8 October 2019

Patched more than a year ago Drupalgeddon2 flaw is still being actively exploited by hackers

Patched more than a year ago Drupalgeddon2 flaw is still being actively exploited by hackers

Hackers continue to exploit a popular remote code execution (RCE) vulnerability (aka Drupalgeddon2) in Drupal content management system (CMS) that was patched more than year and a half ago. A new campaign was uncovered by Akamai’s lead researcher Larry Cashdollar and, according to the expert, the attackers target a broad range of high profile websites using malicious .GIF files to deliver malware.

Drupalgeddon2 tracked as CVE-2018-7600 stems from insufficient input validation on the Drupal 7 Form API. It affects all Drupal versions 7.x before 7.58, 8.3.x versions before 8.3.9, 8.4.x versions before 8.4.6, and 8.5.x before 8.5.1. First discovered in March 2018 the vulnerability can be triggered remotely on default and common Drupal installations, potentially leading to RCE, data theft, and website hijacking. The flaw was fixed by the Drupal team in the same month. At the time of discovery, it was estimated that more than one million websites were vulnerable and, although the patch was issued over a year ago, it seems that many websites’ owners failed to apply the fix putting their sites in danger.

The new campaign recently observed by Cashdollar exploits the vulnerability through a .GIF file that contains a malicious code.

“I observed an attack that is designed to run code that is embedded inside a .gif file. While embedding code in image file isn’t a new attack method, I haven’t seen this method in quite some time,” the researcher said.

So far the campaign doesn’t appear widespread and currently is directed against “a random assortment of high profile websites”.

Drupalgeddon2's image file, index.inc.gif, is being hosted on a Brazilian bodysurfing website which appears to have been hijacked. The image file contains obfuscated PHP code and malware packages which are base64 encoded.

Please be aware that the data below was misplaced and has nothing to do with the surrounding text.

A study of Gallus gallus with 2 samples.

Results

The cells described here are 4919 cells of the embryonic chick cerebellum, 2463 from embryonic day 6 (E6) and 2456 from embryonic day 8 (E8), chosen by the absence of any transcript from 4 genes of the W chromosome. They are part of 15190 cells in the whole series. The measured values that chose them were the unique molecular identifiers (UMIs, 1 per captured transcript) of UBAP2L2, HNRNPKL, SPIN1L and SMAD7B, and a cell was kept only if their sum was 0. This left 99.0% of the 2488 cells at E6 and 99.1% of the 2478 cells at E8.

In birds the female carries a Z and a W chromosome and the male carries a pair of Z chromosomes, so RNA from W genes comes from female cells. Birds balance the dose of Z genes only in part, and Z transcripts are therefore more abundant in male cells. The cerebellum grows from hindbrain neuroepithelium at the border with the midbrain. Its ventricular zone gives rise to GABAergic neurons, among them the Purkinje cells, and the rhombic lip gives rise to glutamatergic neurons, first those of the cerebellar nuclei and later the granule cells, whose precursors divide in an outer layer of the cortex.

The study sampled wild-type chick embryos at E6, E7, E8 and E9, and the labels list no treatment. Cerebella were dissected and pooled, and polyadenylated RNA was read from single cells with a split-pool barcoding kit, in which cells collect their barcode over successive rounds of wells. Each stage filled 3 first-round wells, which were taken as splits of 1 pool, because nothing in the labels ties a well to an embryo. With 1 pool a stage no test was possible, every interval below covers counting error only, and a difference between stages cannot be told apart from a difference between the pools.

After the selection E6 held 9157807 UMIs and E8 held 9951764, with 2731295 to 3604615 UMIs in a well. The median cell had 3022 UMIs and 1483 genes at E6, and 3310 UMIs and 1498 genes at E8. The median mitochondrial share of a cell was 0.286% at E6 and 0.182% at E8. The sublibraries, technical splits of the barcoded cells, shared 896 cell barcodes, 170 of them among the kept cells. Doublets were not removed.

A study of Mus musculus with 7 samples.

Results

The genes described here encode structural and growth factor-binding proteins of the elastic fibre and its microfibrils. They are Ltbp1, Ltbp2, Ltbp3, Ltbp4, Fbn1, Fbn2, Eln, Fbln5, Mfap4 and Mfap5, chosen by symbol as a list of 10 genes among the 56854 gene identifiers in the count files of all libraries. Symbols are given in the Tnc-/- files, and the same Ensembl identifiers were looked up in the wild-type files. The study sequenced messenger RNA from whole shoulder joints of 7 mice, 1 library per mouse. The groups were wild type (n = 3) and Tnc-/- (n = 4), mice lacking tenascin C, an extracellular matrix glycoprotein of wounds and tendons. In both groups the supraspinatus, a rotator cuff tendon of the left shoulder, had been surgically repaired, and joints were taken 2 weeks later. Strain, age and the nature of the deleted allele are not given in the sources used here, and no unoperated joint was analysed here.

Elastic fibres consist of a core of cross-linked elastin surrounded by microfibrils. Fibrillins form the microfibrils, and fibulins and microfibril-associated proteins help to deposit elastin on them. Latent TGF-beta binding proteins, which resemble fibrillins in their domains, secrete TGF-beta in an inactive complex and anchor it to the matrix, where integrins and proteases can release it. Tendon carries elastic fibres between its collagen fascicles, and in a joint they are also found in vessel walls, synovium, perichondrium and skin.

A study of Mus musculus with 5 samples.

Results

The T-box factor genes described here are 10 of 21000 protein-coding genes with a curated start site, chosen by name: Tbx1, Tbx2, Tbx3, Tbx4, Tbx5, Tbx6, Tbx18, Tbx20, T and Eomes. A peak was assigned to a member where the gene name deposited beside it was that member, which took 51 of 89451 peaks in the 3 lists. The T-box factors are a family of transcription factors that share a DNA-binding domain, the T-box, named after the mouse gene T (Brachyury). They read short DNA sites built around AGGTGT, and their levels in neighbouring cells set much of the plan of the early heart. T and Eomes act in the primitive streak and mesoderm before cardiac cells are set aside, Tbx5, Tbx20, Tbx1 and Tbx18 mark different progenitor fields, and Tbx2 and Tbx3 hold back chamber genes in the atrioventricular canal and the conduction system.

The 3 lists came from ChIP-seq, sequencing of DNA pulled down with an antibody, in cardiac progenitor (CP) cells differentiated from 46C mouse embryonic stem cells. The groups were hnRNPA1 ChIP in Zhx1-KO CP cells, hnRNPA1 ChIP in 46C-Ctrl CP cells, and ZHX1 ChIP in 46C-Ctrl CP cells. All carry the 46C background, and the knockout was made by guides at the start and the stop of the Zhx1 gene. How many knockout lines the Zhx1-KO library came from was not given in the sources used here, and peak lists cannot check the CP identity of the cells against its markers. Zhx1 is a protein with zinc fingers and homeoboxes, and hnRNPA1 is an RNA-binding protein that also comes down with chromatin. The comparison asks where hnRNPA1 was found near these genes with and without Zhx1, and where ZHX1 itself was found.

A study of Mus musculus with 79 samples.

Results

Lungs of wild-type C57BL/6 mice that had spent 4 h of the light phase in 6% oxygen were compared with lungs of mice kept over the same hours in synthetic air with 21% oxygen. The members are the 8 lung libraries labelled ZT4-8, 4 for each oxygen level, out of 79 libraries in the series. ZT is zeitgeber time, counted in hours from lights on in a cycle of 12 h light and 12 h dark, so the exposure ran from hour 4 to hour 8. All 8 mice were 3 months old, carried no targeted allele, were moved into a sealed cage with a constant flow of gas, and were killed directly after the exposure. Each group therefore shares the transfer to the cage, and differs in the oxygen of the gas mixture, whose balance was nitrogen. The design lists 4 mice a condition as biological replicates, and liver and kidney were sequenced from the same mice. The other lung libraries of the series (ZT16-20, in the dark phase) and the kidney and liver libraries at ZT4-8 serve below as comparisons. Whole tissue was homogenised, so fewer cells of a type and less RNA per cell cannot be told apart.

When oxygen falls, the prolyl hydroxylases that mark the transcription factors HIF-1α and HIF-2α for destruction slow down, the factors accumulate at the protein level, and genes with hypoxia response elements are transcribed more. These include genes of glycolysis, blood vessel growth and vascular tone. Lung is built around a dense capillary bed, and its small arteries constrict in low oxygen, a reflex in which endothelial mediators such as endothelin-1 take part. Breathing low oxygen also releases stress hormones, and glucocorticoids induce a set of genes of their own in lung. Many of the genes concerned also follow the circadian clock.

“The commands clean up any previous installations and then replace any .htaccess configurations with versions that have less restrictive settings. Then two different files are downloaded and then executed. The first, index.inc.gif, contains obfuscated PHP code. It contains a GIF header, but the rest of the file is PHP code obscured using gzip compression, rot13, and base64 encoding. The Linux command file identifies it as a gif image,” according to the analysis.

The deployed malware supports several functions, such as scanning local files for credentials, sending email with the discovered credentials, replacing the local .htaccess file, displaying MySQL my.cnf configuration files, executing a remote file that is gz compressed and base64 encoded, showing system information, renaming files, uploading files, and launching a web shell.

The second malicious module found in the image file is a Perl script stored in mild.txt. The code isn't obfuscated, and like many other pieces of malware, uses Internet Relay Chat (IRC) to communicate with a command and control server. The malware has several capabilities, such as denial-of-service (DoS) and Remote Access Trojan (RAT) functionality. 

“Critical vulnerabilities will be targeted, even if their public disclosure date is over a year old. When the vulnerability's exploitation is simple, which is the case with Drupalgeddon2, attackers will automate the process of scanning, exploitation, and infection when there are poorly maintained and forgotten systems. This creates a problem for enterprise operations and web administrators, as these old forgotten installs are often connected to other critical systems -- creating a pivot point on the network,” the researcher warned.